This insightful profile of our award-winning residential developer, Diane Cheatham, in modciti is not to be missed! We’ve reproduced a short excerpt from the story, written by Kendall Morgan, here. Read on for her thoughts on modern residential development or check out the entire issue.

Diane Cheatham: Dynamic Residential Developer 

[Developer Diane Cheatham expanded] on her legacy with the launch last fall of Urban Commons. Carrying the “Urban” name [from her previous development, Urban Reserve], the development at the hub of LBJ, Forest Lane, and Technology Row will feature 75 to 80 single-family homes designed by the likes of Far + Dang, Marek Architecture, Edward Baum, and [NIMMO] with a broader range of pricing for residents. The sizes of homes will vary as well, from intimate two bedrooms at 1,000 to 1,200 square feet up to larger dwellings of 2,000 to 2,400 square feet.

“In most developments, you’ll find houses that are the same price, but that’s not what we’ve done. Everyone’s house doesn’t need to be the same size and same room count—it’s about a little more creativity and more variety. The most important thing is building a house that people love, because if the current owners and future owners love a house, they take better care of it, and it will survive longer.”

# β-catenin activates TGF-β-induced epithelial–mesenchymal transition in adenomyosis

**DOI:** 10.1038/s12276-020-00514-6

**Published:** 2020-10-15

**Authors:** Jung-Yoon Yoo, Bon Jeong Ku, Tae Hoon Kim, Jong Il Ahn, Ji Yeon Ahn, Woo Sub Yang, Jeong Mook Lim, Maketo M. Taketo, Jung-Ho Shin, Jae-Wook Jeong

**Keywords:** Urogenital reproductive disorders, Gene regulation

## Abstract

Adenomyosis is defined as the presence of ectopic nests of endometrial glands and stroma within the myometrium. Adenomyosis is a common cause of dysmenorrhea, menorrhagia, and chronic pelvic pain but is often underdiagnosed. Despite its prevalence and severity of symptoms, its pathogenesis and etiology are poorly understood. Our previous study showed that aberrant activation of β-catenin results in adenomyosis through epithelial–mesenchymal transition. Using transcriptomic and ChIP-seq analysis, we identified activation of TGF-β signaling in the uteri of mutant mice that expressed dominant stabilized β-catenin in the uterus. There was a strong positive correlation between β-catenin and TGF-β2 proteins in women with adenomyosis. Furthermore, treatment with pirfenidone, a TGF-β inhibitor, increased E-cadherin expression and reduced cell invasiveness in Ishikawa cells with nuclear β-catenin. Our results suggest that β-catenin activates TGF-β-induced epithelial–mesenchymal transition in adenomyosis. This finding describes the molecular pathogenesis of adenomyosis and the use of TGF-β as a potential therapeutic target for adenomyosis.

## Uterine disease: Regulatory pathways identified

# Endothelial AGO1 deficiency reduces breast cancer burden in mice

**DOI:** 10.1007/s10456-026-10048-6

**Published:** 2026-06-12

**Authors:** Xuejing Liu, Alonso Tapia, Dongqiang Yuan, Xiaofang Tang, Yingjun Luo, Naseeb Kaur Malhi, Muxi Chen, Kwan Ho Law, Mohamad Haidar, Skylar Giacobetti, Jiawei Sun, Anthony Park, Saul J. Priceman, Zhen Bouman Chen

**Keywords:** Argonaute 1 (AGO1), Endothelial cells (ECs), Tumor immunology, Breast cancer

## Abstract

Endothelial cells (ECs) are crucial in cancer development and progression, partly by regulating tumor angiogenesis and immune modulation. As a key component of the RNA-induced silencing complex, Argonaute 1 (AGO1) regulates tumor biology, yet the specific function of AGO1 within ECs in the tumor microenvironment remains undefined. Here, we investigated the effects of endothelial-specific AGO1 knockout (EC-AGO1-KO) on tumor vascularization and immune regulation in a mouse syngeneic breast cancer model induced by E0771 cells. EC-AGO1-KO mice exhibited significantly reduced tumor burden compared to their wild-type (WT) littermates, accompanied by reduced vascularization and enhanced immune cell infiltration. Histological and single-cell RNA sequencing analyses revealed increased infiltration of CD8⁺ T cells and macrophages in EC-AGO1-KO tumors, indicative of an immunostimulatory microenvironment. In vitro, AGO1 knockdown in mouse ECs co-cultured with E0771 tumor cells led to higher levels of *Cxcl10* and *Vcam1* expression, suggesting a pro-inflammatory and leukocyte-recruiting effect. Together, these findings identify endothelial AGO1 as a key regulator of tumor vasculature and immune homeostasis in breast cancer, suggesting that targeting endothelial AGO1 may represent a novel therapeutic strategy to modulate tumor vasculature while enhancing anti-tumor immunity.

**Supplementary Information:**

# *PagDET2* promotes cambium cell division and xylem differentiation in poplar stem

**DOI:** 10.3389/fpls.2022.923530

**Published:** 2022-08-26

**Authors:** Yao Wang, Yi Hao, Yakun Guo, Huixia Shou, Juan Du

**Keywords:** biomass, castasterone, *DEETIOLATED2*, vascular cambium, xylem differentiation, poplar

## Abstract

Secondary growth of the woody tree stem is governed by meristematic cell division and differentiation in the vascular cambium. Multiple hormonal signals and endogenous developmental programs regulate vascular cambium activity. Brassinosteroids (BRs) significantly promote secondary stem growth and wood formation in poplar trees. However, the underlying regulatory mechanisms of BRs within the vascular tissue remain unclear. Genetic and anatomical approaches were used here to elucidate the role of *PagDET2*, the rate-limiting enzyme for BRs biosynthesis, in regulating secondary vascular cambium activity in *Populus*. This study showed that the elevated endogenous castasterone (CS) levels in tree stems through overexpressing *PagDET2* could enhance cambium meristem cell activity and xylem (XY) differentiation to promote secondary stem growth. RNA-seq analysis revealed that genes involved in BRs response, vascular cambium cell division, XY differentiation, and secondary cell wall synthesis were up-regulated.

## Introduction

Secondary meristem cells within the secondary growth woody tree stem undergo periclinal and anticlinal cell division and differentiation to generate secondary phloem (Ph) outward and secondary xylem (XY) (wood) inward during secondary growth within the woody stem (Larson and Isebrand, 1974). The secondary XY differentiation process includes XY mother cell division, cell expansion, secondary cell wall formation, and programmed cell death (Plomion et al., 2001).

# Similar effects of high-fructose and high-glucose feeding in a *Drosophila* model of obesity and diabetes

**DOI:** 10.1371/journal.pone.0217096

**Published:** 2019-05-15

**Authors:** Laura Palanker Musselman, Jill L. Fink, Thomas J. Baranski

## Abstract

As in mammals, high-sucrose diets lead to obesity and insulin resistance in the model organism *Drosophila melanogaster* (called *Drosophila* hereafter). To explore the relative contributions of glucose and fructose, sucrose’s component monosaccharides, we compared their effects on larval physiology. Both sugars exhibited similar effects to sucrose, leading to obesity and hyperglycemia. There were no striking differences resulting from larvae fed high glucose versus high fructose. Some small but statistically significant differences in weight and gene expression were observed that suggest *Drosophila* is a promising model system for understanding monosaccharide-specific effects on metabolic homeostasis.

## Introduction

In addition, Urban Commons will have a pond with a water well that connects to Woodbine Aquifer. Water from the pond will irrigate the grounds, giving the HOA the potential for zero water costs. Lower cost lots won’t have attached garages to avoid gas fumes and alleys breaking up the territory, but garages along the [perimeter] can be leased for a monthly fee. Residents of Urban Commons should expect a community feel the developer has devised to encourage friends and neighbors to get to know one another.

“Everyone in Urban Commons has a nice side yard, so if you want a garden or dog run you’ve got it, but there’s more land in common areas than there [is] in lots,” She explains. “Every one of the houses faces a park and the park is fairly large—40 feet wide by 150 feet deep. We’re doing 10 exercise stations on a trail, and each common area will have a picnic table, so hopefully, people will come out and dine together and get to know their neighbors.” With the final structures currently [under construction], Cheatham anticipates it will take three years for Urban Commons to be sold off. Once it is, she’ll be ready to tackle the next big dream that comes her way. But don’t expect her to rest on her laurels any time soon.

“I would like for these developments and even the individual projects I’ve done to really have a recognition that, ‘Boy, this was a good project and moved the city forward,’” she muses. “I hope that I’ve left a legacy. But I’m probably going to start worrying about the next one next year. I’ve got ants in my pants.”